A second deadline for Philippine rebel soldiers holed up in a Manila shopping complex to surrender has elapsed with no sign of change.
The rebels asked for an open forum to air their grievances
Earlier, President Gloria Arroyo declared a nationwide "state of rebellion" and told the soldiers they had until 1700 (0900 GMT) to surrender or face an all-out assault - but that deadline was subsequently pushed back two hours.
Senior government officials are now locked in talks with the rebel leaders to try to negotiate a peaceful resolution to the crisis.
About 15 of the mutineers have surrendered and, although the majority - about 200 - remain, Cabinet Secretary Mike Defensor said he was hopeful the others would follow suit.
The BBC's correspondent in Manila, John McLean, says that although the mutineers have vowed not to give up there are signs they may be open to persuasion and so any assault has been delayed to allow the talks to continue.
"We will just wait... as long as necessary. I think the gesture of extending that deadline is bending backwards for both parties," navy Lieutenant Antonio Trillanes, one of the rebel leaders, said.
The renegade soldiers accuse the government of corruption and are demanding the resignation of Mrs Arroyo and her defence minister, Angelo Reyes.
The rebel soldiers are said to be heavily armed and to have rigged the prestigious Glorietta complex, in the Makati financial district, with explosives after storming it early on Sunday.
Earlier Lieutenant Trillanes told reporters outside the complex that the soldiers had only planted explosives as a defence.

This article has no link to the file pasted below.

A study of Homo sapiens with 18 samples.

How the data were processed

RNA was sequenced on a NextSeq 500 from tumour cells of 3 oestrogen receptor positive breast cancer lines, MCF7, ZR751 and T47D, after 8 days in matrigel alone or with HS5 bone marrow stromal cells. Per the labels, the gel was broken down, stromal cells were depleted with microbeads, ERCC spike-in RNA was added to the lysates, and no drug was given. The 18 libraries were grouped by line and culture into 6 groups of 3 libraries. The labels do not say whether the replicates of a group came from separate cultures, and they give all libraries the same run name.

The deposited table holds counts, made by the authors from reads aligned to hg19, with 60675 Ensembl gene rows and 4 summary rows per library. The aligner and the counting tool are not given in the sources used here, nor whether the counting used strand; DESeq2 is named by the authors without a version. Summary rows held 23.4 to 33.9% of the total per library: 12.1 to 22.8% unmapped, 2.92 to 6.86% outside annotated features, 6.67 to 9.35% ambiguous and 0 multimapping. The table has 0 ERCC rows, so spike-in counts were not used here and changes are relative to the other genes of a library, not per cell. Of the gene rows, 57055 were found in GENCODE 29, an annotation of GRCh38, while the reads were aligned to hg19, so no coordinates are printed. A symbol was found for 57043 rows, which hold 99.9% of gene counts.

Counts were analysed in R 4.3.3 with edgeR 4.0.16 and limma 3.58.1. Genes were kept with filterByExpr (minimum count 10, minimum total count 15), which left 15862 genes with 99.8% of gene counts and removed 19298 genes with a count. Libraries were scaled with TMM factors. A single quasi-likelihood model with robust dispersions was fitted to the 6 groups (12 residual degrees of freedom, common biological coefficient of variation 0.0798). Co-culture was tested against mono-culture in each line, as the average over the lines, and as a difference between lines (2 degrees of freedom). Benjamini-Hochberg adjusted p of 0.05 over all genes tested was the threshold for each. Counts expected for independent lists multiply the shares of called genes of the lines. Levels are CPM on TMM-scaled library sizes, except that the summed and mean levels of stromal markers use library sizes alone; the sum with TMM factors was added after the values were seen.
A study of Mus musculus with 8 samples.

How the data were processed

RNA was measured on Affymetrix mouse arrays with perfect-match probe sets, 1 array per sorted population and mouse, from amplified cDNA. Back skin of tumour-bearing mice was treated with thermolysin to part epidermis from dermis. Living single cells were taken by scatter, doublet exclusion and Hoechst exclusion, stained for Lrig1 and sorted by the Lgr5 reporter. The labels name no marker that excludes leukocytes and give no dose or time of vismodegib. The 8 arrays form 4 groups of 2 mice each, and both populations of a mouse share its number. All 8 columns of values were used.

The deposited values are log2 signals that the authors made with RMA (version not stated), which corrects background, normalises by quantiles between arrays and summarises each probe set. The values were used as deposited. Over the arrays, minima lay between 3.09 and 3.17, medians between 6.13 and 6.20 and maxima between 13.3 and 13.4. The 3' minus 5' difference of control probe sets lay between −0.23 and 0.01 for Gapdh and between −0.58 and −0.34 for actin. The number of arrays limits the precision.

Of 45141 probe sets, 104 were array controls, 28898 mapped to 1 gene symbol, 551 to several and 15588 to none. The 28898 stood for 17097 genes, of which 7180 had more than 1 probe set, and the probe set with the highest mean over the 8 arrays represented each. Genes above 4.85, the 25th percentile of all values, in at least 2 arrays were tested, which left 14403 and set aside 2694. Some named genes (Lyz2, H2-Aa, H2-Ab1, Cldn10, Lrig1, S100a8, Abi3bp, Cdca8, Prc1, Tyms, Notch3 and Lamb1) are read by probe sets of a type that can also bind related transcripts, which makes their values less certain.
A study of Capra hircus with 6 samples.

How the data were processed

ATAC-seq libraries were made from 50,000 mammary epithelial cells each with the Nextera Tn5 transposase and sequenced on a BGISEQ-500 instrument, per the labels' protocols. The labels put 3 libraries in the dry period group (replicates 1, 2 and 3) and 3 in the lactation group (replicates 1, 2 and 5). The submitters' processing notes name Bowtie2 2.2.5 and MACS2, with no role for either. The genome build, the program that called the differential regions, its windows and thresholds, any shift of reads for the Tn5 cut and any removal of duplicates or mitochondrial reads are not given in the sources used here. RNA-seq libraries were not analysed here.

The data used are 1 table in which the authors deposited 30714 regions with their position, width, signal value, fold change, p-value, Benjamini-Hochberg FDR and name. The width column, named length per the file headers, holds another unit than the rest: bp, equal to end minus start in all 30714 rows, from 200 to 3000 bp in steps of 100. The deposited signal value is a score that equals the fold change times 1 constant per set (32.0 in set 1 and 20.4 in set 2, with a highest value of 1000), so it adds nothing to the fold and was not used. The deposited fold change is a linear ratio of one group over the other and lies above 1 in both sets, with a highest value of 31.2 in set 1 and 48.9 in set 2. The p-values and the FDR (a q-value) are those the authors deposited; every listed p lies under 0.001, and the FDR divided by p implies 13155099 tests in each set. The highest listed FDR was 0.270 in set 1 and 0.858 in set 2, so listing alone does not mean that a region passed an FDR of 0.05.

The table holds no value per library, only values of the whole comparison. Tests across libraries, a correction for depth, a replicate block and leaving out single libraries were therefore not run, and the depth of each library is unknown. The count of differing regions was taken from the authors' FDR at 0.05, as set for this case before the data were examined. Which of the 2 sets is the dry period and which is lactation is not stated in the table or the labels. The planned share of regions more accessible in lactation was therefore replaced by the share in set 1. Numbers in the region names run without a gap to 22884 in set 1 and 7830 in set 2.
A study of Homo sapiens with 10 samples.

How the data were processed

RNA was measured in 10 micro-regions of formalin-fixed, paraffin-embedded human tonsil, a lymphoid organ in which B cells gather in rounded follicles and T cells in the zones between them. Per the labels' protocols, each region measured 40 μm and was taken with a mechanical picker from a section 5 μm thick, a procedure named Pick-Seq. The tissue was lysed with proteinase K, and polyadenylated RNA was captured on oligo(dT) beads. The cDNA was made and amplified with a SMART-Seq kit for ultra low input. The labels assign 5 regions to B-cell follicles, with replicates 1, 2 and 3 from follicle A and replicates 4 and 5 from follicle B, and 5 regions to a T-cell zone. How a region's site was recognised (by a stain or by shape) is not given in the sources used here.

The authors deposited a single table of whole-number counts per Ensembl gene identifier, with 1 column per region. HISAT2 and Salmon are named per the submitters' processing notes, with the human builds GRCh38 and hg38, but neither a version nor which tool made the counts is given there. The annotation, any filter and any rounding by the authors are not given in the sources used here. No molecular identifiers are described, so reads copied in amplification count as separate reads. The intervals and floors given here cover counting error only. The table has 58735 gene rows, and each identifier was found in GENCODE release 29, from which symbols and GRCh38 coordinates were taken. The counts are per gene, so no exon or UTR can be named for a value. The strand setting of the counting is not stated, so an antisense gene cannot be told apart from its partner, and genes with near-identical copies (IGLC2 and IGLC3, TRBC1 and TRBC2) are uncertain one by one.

Hundreds of troops loyal to Mrs Arroyo have surrounded the area.
Correspondents at the scene say the situation is complicated, with evidence of mutineers exchanging handshakes with the troops sent to surround them.
Those who have surrendered so far have been treated with great respect by the troops taking them into custody, our correspondent says.
One rebel who left the complex saluted a general who was there to accept the surrender and the general embraced him.
Residents of an apartment block inside the complex - including Australia's ambassador to the Philippines and other foreign nationals - left the compound early on Sunday after being trapped by the incident.
The rebels said they had only been kept inside until daylight for their own safety.
The president ordered the military and police "to suppress and quell the rebellion" under special powers given to her by the constitution.
Loyal troops surround the shopping complex
The US State Department has expressed its "full support" for Mrs Arroyo - a position echoed by Australia's foreign minister.
"We don't want to see presidents fall out of the barrel of a gun," Alexander Downer said.
In a televised address, Mrs Arroyo warned the rebels that her troops would use "reasonable force" to retake the complex and insisted that she remained in full control of affairs.
Telling the mutineers that she was their "commander-in-chief", she said: "You have crossed the line of professionalism and are now engaged in unlawful political action backed by the use of force.
"Your actions are already hovering at the fringes of outright terrorism."
Red armbands displayed by the mutineers feature a sun-symbol flag used in the resistance against Spanish colonial rule.
The group accuses the government of staging terrorist attacks in the Philippines as a means of getting military aid from the US.
Our correspondent in Manila says such allegations have been aired before, but the rebel soldiers have provided no proof for their claims.